Here's a very interesting article on the impact of compression on the musical experience - http://contentagenda.com/articleXml/LN652635042.html?industryid=45173

ohfourohnine

Selvin's article sure is very interesting, CharlyD, thanks for posting it. Gratifying to see that some out there besides hobbyists like us are aware of what is going on and are more than a little concerned about it. Maybe some Chronicle readers will be pursuaded that the latest thing isn't necessarily the best thing.

ohfourohnine

This exerpt from the Selvin article makes me shake my head a little. "But Sweetow also notes that music with lyrics may act entirely differently on a cerebral level than instrumental music. "The words trigger the emotion," he says. "But those words aren't necessarily affected by fidelity."

Then one contemplates those times when during an instrumental chorus of a jazz standard the lyrics start running through your mind. Wonder how they'd classify that?

dormston

Great link! Well done for posting this one and thanks from me also. (Wish I had found this before I launched a rewrite of War and Peace on another posting about iPods...tee hee...)

I guess it is hopefully but a matter of time before all serious listeners across all genres / levels of high end / mid range / low budget or mega bucks machines actually do start to question which is more important to them - quantity and technology or quality and satisfaction of listening experience.

Fond dreams methinks.

ohfourohnine

In the same vein, today the Chicago Tribune devoted almost a full page to a survey by one of its intrepid reporters to a dozen or so small independent shops making a decent living selling used and new vinyl to, surprise surprise, customers in their 20's and younger. One record buyer who was described in terms of his tattoos and piercings was quoted as saying that MP3 versions of his favorite music were just songs, but the vinyl versions got to his emotions - made the hair on his neck stand up. Great sign of hope for the future of vinyl and high res. music in general.

Then came the rain on the parade. The newspaper gadget geek, whose contribution was featured on the same page, touted a TT product in the $150 price range WHICH HAD ONLY USB OUTPUTS. He recommended that vinyl buyers could use he device to transfer their vinyl to their computers, load MP3 versions into their portable players, and, if they desired, make CDs so they could play the music on their main systems and in their cars.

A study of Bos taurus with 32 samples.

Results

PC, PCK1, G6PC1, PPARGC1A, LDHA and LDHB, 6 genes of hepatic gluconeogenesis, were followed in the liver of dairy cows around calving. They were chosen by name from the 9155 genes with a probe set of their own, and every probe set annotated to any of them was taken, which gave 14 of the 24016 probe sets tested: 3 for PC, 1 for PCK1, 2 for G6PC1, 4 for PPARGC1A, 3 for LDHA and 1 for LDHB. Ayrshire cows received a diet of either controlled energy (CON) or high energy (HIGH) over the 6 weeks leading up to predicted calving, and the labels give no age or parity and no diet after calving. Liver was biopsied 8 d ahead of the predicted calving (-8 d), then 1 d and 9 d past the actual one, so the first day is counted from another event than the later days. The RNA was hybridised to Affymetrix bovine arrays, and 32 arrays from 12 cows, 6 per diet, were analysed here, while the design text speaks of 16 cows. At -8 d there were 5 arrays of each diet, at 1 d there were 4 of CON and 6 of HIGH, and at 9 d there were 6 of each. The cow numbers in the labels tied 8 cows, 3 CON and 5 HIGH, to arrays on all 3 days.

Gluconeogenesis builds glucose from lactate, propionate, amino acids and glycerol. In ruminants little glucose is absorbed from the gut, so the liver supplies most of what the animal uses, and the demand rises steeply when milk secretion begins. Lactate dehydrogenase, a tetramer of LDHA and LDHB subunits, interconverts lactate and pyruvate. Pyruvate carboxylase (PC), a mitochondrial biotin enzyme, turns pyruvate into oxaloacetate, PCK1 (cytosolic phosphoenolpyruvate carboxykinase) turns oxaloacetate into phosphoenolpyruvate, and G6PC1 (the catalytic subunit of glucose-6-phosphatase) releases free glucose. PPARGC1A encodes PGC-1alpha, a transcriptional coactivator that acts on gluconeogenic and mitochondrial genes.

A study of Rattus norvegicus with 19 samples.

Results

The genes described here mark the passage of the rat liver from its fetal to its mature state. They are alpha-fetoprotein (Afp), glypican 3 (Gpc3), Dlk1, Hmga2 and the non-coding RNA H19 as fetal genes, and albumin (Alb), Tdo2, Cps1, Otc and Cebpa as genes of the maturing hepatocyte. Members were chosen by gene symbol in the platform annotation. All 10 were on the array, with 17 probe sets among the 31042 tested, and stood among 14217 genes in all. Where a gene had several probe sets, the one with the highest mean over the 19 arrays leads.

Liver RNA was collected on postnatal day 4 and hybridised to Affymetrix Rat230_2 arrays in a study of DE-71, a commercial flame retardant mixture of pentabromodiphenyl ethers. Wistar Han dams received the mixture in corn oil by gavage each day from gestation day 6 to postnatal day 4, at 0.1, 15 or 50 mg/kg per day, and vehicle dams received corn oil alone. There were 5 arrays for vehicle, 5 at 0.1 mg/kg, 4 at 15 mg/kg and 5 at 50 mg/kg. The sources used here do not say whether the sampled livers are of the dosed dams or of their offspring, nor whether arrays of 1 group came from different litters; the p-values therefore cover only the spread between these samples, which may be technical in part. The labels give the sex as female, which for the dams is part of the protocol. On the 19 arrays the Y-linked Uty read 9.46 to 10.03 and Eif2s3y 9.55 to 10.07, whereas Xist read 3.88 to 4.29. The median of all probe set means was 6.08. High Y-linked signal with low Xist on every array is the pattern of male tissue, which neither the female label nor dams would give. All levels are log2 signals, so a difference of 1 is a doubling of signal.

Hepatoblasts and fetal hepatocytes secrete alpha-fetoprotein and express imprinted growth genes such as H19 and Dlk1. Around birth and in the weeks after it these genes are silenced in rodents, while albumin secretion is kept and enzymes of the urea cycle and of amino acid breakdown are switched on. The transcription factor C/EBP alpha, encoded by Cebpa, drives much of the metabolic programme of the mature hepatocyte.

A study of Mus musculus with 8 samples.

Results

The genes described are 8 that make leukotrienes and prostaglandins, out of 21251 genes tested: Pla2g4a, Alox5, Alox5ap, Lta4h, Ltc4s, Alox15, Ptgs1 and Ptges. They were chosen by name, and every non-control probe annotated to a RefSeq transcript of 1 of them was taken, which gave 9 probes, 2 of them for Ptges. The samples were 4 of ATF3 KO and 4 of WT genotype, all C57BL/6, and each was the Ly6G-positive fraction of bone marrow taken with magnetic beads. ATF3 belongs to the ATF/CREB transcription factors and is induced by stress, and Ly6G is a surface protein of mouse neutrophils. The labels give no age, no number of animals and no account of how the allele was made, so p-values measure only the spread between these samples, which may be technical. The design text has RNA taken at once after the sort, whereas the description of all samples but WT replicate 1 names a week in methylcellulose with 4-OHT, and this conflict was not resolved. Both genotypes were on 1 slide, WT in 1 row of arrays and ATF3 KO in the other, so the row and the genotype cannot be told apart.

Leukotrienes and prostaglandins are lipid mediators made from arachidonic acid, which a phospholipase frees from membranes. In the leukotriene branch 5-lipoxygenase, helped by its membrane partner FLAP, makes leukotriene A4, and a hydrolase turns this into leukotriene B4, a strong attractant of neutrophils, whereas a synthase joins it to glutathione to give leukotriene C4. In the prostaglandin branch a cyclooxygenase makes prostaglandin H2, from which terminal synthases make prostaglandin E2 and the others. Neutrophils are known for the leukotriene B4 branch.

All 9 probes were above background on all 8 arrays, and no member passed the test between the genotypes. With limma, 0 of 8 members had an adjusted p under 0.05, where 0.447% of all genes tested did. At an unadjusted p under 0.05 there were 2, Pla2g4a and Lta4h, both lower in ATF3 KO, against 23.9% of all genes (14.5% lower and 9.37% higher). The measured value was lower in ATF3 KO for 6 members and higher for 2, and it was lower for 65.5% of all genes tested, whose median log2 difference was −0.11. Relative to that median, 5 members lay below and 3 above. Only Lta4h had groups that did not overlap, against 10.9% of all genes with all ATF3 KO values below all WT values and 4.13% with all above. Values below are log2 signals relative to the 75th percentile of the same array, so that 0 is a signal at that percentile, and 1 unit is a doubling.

One step forward, two back.

dormston

This is such fun! Great posting and superb timing by CharlyD!

This could almost be a chat room with only a few on the same planet...my questions on other postings regarding legalities and other such trivia seems to have wilted somewhat...OOOPS...maybe all these techie folks have discovered a new and wonderfully mysterious method of all the magic they do whilst still remaining legal...and top quality and and and...but wait...what do I see...

magma90210

i pretty much listen to an ipod all day at work and i have to say that - after getting really nice "starter" hi-fi system that was largely thanks to the advice i got on this forum, i'm finding it very difficult to listen to mp3s now. it's so harsh...no sense of "space" in the music either...

one thing that some independent record companies are doing which i think is BRILLIANT is offering a coupon for a free download of the mp3s of an album with purchase of the vinyl...the last 2 records I bought (on Merge Records) are Caribou's Andorra and Spoon's Ga Ga Ga Ga Ga...both of them had the coupon in the vinyl...

honestly I think this can be a great future for the indie labels, and maybe some of the really good vinyl reissue places like Sundazed, Rhino etc. People like to criticize the recording industry so much, so it's worth noting when they do something right like this.

Also, I'm finding that the vinyl version of newer records (esp. in the case of Spoon) *really* help ease some of the problems I have with overly loud and aggressive mastering and dynamic noise compression that goes on today in a lot of modern rock.

the spoon i find almost unlistenable on MP3 or CD, but the vinyl definitely sounds good, it's still pretty aggressively mastered for vinyl, but I can actually listen to it and appreciate the music.